The modern 3-point restraint system was designed by my late friend, Nils Bohlin, for Volvo in Sweden. Nils was a great engineer who used a simple idea to save many thousands of lives. I enjoyed our trips together to auto safety conferences and to his farm near Stockholm where we would spend countless hours discussing seatbelt geometry and latching mechanisms. Unfortunately, car and parts manufacturers sometimes put substandard systems and parts in vehicles.
A case in point is that of a young man, who I represent now, paralyzed as a result of a seat belt latch that failed just days ago. His car went out of control at low speed, and he hit a pole. The latch came loose, and he ended up on the floor paralyzed. This is not a rare event. Just a week ago in a neighboring state, a jury awarded $40 million dollars in a similar incident. The seatbelt manufacturer's parts failed, and the seatbelt came loose.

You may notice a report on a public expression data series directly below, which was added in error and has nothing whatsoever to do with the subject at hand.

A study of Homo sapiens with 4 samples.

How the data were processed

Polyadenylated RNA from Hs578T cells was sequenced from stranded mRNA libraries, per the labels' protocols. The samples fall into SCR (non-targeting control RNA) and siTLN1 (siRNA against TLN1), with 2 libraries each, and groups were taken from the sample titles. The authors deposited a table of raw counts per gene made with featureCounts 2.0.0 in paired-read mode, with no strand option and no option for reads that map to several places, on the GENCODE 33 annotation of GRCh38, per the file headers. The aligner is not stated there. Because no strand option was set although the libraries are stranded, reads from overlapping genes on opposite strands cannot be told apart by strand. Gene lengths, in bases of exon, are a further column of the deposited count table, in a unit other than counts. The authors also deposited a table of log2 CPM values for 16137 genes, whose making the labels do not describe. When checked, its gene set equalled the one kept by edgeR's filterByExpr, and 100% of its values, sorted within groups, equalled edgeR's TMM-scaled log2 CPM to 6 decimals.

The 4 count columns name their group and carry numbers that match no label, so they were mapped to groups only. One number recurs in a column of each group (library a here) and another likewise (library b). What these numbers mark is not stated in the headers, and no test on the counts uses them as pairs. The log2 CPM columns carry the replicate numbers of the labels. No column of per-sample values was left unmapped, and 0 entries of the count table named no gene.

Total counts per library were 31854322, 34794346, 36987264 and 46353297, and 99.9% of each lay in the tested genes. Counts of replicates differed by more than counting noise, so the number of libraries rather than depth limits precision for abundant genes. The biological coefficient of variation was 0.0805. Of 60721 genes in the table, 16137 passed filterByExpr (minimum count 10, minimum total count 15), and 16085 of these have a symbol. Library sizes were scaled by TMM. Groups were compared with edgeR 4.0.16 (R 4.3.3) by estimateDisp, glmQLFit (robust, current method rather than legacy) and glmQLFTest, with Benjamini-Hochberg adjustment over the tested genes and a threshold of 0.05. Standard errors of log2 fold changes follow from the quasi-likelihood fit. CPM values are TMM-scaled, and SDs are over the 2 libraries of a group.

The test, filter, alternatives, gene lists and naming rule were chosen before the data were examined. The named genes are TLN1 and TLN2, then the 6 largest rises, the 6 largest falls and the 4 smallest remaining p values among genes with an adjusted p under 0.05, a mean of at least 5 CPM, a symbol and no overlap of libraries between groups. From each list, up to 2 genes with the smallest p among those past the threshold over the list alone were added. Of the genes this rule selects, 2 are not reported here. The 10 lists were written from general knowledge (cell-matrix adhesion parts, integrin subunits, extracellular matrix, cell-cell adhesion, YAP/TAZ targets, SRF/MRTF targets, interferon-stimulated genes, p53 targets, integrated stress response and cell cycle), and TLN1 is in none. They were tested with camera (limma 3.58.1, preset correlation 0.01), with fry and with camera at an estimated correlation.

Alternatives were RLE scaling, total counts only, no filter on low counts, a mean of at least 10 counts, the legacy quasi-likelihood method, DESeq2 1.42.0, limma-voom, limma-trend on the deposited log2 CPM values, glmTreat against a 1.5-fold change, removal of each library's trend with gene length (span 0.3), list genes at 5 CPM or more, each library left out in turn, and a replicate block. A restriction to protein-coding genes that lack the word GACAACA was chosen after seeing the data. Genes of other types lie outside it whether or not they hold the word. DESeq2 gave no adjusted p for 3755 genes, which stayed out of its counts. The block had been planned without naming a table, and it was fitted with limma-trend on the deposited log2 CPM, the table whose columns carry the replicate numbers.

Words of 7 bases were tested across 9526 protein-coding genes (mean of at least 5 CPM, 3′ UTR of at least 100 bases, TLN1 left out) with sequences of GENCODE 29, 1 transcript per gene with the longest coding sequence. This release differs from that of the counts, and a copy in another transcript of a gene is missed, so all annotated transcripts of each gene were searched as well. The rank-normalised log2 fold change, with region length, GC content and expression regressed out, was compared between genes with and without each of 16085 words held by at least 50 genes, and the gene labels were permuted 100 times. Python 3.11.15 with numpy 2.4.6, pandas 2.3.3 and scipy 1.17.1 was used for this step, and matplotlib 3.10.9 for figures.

When such a wreck happens, it is important for the people involved to find an attorney knowledgeable about seat belts and their correct design and manufacturing standards to investigate the case. Delay is dangerous, because evidence is lost if the vehicle is bought by the insurance company and sent to a salvage yard. The latch, belt, and attachment points and D-ring must be inspected and photographed before they are destroyed. Evidence of loading against the belt by the body is crucial to establish the fact that the injured or deceased person was in fact wearing the belt at the time of the accident.
I have investigated hundreds of cases involving seat belts and can say with certainty that preservation of the evidence is a critical component of a successful product liability case.